Contradictory water privatisation decisions
9 November 2009
Key must explain contradictory water privatisation decisions
John Key must explain whether the Cabinet stands by its decision to allow the new Auckland Council to privatise the city’s water assets, says Labour's Auckland Issues spokesperson Phil Twyford.
“On October19 Cabinet agreed to allow Auckland City Council to privatise its water assets and then a week later refused to support a law change enabling this to occur nationwide.
“Not only does the Prime Minister need to clear up this confusion, but he needs to explain why his Cabinet decided to set Watercare up for privatisation in the face of opposition from key agencies such as the Ministry of Health, and opinion polls that show 85 per cent of Aucklanders oppose privatisation,” says Phil Twyford.
“How this shambles occurred beggars belief. It seems that Rodney Hide, the Minister in charge of the local government reforms, is not keeping on top of his portfolio – and that the Cabinet is not on top of it either.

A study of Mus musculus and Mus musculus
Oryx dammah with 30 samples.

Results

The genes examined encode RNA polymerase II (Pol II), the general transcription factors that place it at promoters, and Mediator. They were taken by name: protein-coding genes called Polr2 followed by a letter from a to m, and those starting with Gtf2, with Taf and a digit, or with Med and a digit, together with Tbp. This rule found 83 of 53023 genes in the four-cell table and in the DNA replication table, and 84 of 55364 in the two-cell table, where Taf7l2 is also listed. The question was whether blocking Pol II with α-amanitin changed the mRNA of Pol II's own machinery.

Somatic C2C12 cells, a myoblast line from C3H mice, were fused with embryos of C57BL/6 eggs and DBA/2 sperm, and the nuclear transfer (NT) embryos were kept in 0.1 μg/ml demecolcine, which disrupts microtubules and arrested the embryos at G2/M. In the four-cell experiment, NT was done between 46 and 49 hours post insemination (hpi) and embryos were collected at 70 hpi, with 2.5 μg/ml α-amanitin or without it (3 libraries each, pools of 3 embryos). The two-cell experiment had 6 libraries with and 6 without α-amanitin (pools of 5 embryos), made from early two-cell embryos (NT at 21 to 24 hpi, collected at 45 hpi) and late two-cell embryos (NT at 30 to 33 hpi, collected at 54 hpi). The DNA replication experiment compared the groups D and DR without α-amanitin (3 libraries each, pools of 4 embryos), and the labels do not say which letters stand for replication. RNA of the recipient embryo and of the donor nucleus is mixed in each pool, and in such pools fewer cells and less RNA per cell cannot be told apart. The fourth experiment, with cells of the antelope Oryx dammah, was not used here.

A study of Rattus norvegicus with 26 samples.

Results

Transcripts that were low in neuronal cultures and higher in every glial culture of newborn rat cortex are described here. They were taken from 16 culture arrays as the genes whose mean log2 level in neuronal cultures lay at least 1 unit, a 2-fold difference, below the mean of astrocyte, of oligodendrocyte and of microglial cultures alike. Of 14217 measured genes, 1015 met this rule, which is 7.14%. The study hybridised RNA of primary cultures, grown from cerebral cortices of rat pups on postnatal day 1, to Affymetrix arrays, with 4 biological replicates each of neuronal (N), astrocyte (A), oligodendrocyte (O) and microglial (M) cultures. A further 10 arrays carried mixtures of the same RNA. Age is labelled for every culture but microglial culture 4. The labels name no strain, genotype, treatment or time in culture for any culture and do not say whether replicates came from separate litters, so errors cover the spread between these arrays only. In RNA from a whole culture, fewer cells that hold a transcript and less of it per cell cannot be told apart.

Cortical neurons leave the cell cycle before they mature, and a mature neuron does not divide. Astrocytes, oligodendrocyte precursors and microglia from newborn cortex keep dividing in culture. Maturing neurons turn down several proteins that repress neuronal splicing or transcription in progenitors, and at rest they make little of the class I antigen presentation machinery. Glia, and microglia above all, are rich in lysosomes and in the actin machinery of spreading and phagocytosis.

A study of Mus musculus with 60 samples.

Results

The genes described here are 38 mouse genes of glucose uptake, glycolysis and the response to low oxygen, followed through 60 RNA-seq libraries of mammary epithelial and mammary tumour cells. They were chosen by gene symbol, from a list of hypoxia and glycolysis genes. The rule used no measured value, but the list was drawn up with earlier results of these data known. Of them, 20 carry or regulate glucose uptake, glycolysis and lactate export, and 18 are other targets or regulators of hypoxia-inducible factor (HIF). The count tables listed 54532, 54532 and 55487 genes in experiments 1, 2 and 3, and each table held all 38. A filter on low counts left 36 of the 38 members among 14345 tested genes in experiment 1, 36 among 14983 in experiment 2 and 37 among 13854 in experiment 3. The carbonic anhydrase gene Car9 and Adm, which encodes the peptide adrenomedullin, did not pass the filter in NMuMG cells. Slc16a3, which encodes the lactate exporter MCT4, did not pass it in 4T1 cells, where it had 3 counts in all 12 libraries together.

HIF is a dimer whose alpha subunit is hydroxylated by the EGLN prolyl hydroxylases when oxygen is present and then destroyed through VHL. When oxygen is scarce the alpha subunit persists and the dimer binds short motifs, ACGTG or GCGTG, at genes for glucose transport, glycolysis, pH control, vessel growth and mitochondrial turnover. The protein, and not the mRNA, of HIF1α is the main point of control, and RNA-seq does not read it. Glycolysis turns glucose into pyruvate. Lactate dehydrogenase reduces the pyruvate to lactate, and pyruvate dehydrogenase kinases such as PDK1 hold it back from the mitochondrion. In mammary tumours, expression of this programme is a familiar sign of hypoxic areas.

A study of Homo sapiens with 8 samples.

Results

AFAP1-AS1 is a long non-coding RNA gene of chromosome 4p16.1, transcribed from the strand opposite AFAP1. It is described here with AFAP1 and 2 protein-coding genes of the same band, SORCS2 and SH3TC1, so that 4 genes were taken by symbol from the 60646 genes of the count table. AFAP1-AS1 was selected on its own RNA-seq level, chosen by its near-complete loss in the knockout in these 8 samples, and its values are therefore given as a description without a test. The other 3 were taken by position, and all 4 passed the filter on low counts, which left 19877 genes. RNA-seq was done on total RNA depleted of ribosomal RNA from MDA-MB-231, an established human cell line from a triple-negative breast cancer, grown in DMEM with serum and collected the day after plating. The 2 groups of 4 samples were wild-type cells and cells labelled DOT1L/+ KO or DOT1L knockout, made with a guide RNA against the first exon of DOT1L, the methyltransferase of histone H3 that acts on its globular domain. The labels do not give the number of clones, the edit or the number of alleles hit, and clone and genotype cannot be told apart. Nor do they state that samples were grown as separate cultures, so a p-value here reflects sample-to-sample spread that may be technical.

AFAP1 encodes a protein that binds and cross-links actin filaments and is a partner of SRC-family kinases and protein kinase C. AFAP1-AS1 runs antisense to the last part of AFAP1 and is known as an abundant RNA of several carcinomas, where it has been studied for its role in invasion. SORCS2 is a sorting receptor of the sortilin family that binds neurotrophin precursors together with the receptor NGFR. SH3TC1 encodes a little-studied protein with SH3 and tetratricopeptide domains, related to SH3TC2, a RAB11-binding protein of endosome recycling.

“Most importantly however is the question of which decision stands in regard to Auckland’s water assets? The Prime Minister needs to give some immediate clarification, since Cabinet has approved two contradictory legislative changes,” Phil Twyford says.
“In October, Cabinet agreed that Watercare would continue to be a council-controlled-organisation (CCO) under the new Auckland Council from 2012.
“But it also agreed that from 2015, it would be up to the council to determine ‘the governance arrangements and asset ownership for the delivery of water services, rather than fixing Watercare’s form in legislation.’
“This would enable Watercare to be privatised - a decision taken despite the accompanying point noted by ministers in the same Cabinet minute that ‘the risks associated with Watercare’s potential abuse of its monopoly position will be limited by the CCO governance framework’.
“That’s contradictory in itself. Then a week later Cabinet rejected changes to the Local Government Act mooted by Rodney Hide to enable councils around the country to move to fully privatise water assets. This decision completely contradicted the Watercare decision,” says Phil Twyford.
“Cabinet instead opted for a less radical, but still significant, option which would enable private companies to own water infrastructure for 35 years. Current law prohibits ownership and limits contracting to 15 years.
“The Prime Minister needs to explain exactly what’s going on. Aucklanders need to know what the Government is up to,” Phil Twyford says.